WASHINGTON — Coptic Christians fleeing upheaval in Egypt must turn to their centuries-long history of overcoming obstacles as they strive to maintain their identity, scholars said.
“Yes itʼs a story of decline, but also of survival; yes, it’s a story of decay, but it’s one of endurance as well,” said Samuel Tadros, author of the recent book, Motherland Lost: The Egyptian and Coptic Quest for Modernity. [See the National Catholic Register's interview with Tadros here.]
Tadros, a native of Egypt, is a research fellow at the Hudson Instituteʼs Center for Religious Freedom. He spoke on the history of Copts in Egypt at an Aug. 22 event in Washington.
Nina Shea, director of the Center for Religious Freedom, also spoke, explaining that contemporary political events have brought this subject into even clearer focus.
“Last weekend there were attacks in Egypt — persecution the likes of which we have not seen since at least the 14th century against the Coptic-Christian minority,” she said.
“Scores of Churches were burned, looted, otherwise damaged. Other institutions, Bible institutions, a monastery that dates back to the fourth or fifth century was destroyed,” she said. “Franciscan nuns were paraded as prisoners of war in the streets and jeered by supporters of President Morsi.”
The Muslim Brotherhood website, Shea said, “has incited such attacks, blaming the Copts” for events around the country, including military action and the downfall of former Egyptian President Mohammed Morsi.
Modern liberalizing movements within the country, Tadros said, have come to use the state to grant liberties and freedoms in Egypt and elsewhere in the region. He said this has enabled powerful groups to disenfranchise those who do not have power, such as the Copts in Egypt.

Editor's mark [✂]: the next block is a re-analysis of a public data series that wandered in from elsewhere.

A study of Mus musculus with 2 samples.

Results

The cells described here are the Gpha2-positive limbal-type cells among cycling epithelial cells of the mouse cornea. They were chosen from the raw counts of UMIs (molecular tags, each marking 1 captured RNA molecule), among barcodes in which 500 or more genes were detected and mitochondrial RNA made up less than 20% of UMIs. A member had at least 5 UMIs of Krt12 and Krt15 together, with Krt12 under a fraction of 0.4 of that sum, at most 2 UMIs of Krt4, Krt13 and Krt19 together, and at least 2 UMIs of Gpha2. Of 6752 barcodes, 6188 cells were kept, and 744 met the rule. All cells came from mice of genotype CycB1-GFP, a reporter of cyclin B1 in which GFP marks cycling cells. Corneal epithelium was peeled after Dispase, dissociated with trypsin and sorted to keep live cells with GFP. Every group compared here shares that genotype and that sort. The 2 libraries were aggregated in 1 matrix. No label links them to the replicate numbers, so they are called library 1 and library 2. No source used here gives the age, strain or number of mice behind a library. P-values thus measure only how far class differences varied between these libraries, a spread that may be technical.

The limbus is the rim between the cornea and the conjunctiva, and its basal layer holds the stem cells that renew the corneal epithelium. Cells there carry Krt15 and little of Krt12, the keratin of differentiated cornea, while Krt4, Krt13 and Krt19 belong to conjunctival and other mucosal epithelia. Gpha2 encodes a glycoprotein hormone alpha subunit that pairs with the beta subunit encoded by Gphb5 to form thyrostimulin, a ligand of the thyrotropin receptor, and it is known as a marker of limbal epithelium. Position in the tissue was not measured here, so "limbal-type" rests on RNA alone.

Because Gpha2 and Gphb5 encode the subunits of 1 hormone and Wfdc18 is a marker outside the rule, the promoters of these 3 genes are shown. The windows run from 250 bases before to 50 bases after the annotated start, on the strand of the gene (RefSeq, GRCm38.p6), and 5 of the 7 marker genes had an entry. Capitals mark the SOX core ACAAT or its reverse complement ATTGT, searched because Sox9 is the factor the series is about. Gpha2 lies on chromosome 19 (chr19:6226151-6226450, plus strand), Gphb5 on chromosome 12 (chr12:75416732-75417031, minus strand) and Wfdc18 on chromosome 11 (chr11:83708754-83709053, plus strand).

This dependence upon power and catering to the powerful results in “a separation from the country you live in,” he explained, adding that this distancing and animosity creates “a tendency to despise the people you live amongst.”
This political situation has led to an exodus of Coptic Christians from Egypt, which has in turn created questions of Coptic identity and where the future of the Coptic Church lies.
“The Arab Spring might lead in the end to something better in Egypt,” Tadros said, “but some things are hard to change.”
Once people leave Egypt and choose to build new lives elsewhere in the world, he said, “there’s no going back there.”
Less than a century ago, Tadros pointed out, there were only a handful of Coptic churches outside of Egypt. Now, however, “one-fifth of the Coptic churches are outside of the country where it has built its identity.”
“What does it mean to be a Copt when Egypt is the place you no longer call home?” he asked, suggesting that it is unclear what effects the migration of the Coptic people away from Egypt may have in terms of politics and identity.
Although acknowledging that “we are seeing a humongous demographic change in the Middle East,” he doubted that current trends will reverse themselves. He warned of increasing polarization between minorities, who feel they can only be protected with military force, and majorities, who use force to keep the status quo.
Although Copts and Muslims “can and have lived in harmony in the past,” he said, “there are very few voices, if any, that reject this … choice between Islamism and the military.”
However, despite the various struggles facing the Copts, Tadros said they have an ability to help shape their own future.
He said, “Yes, Copts have been persecuted in Egypt, but they’ve not been hopeless victims.”